PHOTO: Tom Brennan, general radio manager at Brookdale Community College, accepted a proclamation from the Monmouth County Board of Chosen Freeholders applauding local radio efforts before, during and after Superstorm Sandy, on behalf of “Brookdale Public Radio, 90.5 The Night.” Pictured left to right: Freeholder Gary J. Rich, Sr., Freeholder Lillian G. Burry, Tom Brennan, Freeholder Director Thomas A. Arnone, Freeholder Deputy Director Serena DiMaso and Freeholder John P. Curley.
Relayed urgent information as the sole means of communication for many
FREEHOLD, NJ –Local radio stations were recognized for their role in providing news and information to the public before, during and after Superstorm Sandy by the Monmouth County Board of Chosen Freeholders at their Oct. 24 meeting.
“As the one year anniversary of Superstorm Sandy approaches, the Board of Chosen Freeholders commends and thanks the local radio stations who disseminated timely and accurate information to all of its listeners,” said Freeholder Director Thomas A. Arnone. “The entire County appreciates the importance of radio stations and our residents are grateful for their outstanding efforts.”
Tom Brennan, general radio manager at Brookdale Community College, accepted a proclamation on behalf of “Brookdale Public Radio, 90.5 The Night.”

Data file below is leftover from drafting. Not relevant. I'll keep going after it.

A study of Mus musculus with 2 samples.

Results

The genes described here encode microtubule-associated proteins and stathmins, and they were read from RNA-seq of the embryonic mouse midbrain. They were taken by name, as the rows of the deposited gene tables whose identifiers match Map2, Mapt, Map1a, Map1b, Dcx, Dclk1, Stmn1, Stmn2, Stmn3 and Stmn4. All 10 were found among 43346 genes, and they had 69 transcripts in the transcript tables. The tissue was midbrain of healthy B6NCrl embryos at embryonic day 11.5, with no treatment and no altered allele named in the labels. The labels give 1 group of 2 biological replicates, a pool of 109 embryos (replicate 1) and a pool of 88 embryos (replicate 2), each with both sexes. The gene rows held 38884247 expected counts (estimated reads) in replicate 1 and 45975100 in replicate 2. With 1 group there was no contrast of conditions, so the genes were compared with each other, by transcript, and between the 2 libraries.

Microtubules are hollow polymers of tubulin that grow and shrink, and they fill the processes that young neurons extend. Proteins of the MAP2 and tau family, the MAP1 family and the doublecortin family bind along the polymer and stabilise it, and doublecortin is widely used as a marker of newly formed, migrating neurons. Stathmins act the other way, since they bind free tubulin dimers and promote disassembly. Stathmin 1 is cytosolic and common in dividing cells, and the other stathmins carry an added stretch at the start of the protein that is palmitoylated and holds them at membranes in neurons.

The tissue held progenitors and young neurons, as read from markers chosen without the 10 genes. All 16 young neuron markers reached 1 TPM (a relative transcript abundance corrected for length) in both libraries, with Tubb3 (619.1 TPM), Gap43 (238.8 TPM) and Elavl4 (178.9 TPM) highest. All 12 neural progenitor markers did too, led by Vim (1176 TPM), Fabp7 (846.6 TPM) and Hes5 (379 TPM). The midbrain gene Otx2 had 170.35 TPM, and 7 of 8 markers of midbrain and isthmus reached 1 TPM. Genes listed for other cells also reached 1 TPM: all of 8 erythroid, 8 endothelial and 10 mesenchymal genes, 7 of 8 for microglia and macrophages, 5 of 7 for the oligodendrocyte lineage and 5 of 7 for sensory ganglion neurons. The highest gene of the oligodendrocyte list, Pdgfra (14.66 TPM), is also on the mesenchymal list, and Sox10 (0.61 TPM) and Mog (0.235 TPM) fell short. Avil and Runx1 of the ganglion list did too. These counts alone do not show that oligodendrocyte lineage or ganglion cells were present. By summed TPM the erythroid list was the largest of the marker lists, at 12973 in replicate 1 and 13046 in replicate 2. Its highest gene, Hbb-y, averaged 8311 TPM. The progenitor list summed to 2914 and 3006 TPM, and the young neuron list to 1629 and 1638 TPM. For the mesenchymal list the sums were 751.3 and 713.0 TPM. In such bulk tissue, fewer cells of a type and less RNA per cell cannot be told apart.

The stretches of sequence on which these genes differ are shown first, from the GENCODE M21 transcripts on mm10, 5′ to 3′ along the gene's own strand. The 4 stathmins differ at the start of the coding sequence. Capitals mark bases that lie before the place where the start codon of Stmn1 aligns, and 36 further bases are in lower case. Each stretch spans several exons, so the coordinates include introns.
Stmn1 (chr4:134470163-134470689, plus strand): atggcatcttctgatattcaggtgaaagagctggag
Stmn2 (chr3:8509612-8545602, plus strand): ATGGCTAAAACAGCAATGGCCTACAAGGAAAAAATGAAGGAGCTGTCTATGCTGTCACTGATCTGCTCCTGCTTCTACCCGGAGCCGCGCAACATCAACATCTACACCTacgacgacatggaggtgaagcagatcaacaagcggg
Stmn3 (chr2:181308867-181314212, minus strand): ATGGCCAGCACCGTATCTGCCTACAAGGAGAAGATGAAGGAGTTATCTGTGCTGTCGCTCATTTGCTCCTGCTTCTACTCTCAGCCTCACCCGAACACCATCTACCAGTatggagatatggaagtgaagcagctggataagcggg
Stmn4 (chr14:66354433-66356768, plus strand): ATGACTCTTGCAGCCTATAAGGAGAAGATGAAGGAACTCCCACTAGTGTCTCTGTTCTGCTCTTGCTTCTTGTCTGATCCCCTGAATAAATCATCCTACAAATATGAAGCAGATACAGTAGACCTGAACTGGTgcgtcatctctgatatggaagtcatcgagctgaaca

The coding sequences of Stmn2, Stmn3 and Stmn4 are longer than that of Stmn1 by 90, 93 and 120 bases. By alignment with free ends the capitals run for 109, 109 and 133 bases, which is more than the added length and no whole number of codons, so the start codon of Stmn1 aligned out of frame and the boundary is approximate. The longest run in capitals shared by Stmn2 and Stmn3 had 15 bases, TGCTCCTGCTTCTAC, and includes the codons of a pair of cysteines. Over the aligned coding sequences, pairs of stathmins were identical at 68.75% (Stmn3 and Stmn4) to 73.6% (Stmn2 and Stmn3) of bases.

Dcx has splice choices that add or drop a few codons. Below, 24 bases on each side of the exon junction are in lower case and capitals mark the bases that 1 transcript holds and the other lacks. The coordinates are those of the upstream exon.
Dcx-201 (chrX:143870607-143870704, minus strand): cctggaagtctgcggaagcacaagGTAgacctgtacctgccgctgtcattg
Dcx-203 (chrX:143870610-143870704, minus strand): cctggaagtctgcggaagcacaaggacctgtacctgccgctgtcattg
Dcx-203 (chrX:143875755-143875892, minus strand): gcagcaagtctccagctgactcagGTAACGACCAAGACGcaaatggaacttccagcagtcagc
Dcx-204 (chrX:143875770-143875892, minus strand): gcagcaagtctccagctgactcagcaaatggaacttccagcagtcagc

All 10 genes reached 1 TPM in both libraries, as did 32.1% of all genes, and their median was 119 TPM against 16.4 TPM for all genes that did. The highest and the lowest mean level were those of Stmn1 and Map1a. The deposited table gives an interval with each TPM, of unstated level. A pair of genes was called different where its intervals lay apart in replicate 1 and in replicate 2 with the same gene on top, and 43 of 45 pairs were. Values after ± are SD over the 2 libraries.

Before, during and after Superstorm Sandy, radio was the only news outlet available for hundreds of thousands of residents who lost power had no access to television, Internet and in some circumstances telephone.
“During that difficult time, Monmouth County residents relied on local radio stations to relay the news that was happening in local communities,” said Freeholder Deputy Director Serena DiMaso. “Be it a question of curfews, local shelters, business closures, road and traffic situations or safety precautions, Monmouth County residents were able to tune to their local radio stations for guidance and information.”
In the days leading up to Superstorm Sandy and for weeks afterward, the County’s Department of Public Information worked closely with the County Sheriff’s Office of Emergency Management to provide the most up to date information for residents.
“Radio broadcasting was a critical piece of the County’s communications during and after Sandy,” Sheriff Shaun Golden said. “Through our many press briefings, press releases and phone interviews, our local radio stations really helped us disseminate the most important messages to our residents.”
Radio broadcasting began in the beginning of the 20th century, and since then has proven to be an essential means for communicating information to the public especially in times of war, terrorism, tragedy and natural disasters.